Friday, January 30, 2009
Counsel to former President Bush Fred Fielding wrote letters last week to counsel for Karl Rove and Harriet Miers directing them not to appear before, and not to provide information to, Congress in response to Congressional subpoena in the investigation into the firing of U.S. attorneys, Michael Isikoff reports in Newsweek. The letters are here and here.
We knew, of course, that President Bush directed Rove and Miers not to appear before Congress--I posted most recently on this here--and we knew that the Bush OLC ruled that Rove and Miers enjoy absolute (yes you read that right: absolute) executive privilege. These letters appear to be a post-presidential attempt to provide additional legal cover for Rove and Miers. The only difference between these most recent letters and Bush's previous directions: Bush is now out of office, thus weakening, but not destroying, Bush's and Bush officials' claims of executive privilege. (See my previous post here.)
The letters have no legal significance. They cannot provide cover any more than Bush's previous directions themselves or the prior Bush OLC memo. They merely reiterate the Bush administration position on executive privilege--that the President and close advisers enjoy absolute executive privilege in respect to Congressional subpoenas--and re-direct Rove and Miers not to testify.
So the letters are interesting only because of their legal analysis (which itself is a reflection of the analysis in the Bush OLC memo). Both letters cite the July 10, 2007, Bush OLC memo, linked above, concluding that the President and immediate advisers are absolutely immune from compelled testimony before Congress, and that the immunity cannot be outweighed by any Congressional interest. The Bush OLC memo--and Fielding's most recent letters--in turn generously quote a September 16, 1999, Clinton OLC memo, authored by then-AG Janet Reno. That memo concluded that "[t]he President and his immediate advises are absolutely immune from testimonial compulsion by a Congressional committee."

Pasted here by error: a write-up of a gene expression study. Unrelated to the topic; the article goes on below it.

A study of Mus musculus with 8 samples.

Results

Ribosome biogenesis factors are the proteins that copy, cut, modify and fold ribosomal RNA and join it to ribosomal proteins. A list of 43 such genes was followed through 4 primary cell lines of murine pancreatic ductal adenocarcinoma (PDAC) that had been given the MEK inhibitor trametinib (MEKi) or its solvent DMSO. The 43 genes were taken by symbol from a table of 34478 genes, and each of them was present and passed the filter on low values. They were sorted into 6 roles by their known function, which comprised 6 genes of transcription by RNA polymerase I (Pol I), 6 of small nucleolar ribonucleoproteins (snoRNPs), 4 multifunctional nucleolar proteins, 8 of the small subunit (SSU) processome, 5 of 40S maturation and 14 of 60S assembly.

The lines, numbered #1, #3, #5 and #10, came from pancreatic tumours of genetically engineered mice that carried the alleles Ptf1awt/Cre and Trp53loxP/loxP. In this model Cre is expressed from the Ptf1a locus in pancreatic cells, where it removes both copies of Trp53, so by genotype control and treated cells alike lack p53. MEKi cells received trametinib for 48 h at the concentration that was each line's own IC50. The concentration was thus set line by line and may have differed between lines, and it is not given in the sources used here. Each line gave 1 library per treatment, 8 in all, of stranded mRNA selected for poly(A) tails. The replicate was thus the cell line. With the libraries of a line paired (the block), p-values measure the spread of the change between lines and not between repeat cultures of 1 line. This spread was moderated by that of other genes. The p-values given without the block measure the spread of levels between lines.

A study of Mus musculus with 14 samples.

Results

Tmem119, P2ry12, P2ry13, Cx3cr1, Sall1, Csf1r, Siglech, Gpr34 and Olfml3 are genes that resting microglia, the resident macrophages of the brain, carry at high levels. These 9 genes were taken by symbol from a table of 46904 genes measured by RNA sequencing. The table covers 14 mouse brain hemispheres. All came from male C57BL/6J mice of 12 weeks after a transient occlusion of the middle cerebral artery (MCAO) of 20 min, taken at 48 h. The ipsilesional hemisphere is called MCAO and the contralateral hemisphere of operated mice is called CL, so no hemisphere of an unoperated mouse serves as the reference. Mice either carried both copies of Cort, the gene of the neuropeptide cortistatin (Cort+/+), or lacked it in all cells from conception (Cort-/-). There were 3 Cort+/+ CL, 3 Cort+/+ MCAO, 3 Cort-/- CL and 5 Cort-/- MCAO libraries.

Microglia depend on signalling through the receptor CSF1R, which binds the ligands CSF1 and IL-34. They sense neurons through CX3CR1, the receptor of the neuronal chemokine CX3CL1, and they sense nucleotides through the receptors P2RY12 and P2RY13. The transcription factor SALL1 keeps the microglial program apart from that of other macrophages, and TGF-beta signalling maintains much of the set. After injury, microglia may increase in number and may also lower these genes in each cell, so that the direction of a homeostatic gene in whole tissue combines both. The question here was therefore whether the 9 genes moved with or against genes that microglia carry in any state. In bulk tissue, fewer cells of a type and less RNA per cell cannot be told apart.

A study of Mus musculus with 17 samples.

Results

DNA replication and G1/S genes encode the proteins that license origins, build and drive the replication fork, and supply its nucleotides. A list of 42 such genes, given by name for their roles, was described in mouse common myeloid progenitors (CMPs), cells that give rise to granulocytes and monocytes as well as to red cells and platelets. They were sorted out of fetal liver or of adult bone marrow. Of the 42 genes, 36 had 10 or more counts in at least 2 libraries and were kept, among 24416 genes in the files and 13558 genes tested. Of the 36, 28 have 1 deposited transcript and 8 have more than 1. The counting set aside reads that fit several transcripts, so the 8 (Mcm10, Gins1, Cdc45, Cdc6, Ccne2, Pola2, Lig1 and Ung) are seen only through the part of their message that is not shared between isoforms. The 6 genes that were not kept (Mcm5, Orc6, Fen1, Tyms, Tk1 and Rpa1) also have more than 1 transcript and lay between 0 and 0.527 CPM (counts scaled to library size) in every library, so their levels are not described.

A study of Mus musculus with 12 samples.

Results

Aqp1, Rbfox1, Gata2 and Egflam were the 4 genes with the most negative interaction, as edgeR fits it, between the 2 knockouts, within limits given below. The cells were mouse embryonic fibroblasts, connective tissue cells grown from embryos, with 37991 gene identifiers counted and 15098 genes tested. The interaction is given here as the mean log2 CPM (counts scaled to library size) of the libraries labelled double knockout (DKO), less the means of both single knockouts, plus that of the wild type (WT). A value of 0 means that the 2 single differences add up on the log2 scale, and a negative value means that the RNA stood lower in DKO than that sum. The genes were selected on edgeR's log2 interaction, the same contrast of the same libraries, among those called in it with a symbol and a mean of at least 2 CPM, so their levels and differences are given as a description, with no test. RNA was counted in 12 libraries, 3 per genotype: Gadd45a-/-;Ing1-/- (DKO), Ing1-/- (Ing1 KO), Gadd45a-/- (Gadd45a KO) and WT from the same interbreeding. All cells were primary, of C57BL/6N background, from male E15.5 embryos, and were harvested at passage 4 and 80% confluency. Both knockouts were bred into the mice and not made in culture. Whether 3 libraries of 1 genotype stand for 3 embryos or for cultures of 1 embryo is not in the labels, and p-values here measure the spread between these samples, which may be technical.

There are a couple differences between the recent letters and Reno's memo. For one, the Congressional investigation that sparked Reno's memo dealt with a matter--executive clemency--that is uniquely within the constitutional authority of the President, and over which Congress can neither legislate nor appropriate. Reno concluded that Congress lacked authority to investigate the matter, and it therefore couldn't compel testimony by presidential advisers.
But Reno also concluded that there was a separate and independent basis for executive privilege in that case: "Executive privilege is assertable in response to a congressional subpoena seeking testimony by the Counsel to the President concerning the performance of official duties on the basis that the Counsel serves as an immediate adviser to the President and is therefore immune from compelled congressional testimony." Reno wrote that the privilege is absolute, but she alternatively concluded that the privilege would outweigh any Congressional interests (in examining the advice the President received with regard to clemency) under a balancing approach.
The other difference is that Fielding wrote his letters after Bush left office. Reno wrote her memo while Clinton was still in office.
So do the differences matter? Start here: The claim of absolute executive privilege is based upon separation-of-powers considerations that are very similar to those in play in U.S. v. Nixon. The Court in that case, of course, ruled that the privilege gives way to certain other interests under a balancing approach. The privilege was not--and is not--absolute; it is subject to a balancing test.
Under a balancing test when the privilege is asserted before Congress, a Congressional interest in a matter uniquely in the President's bailiwick is certainly weaker than a Congressional interest in a matter within its own bailiwick. Clemency falls into the former; politicized firings at DOJ fall into the latter.
And finally the privilege is stronger for a sitting President than for a former President.
For all these reasons, Rove and Miers state a much weaker claim for executive privilege.
The Obama Justice Department will weigh in on these issues soon enough in the House's case against Miers and Bolton. (See my post here.) We'll stay on top of this.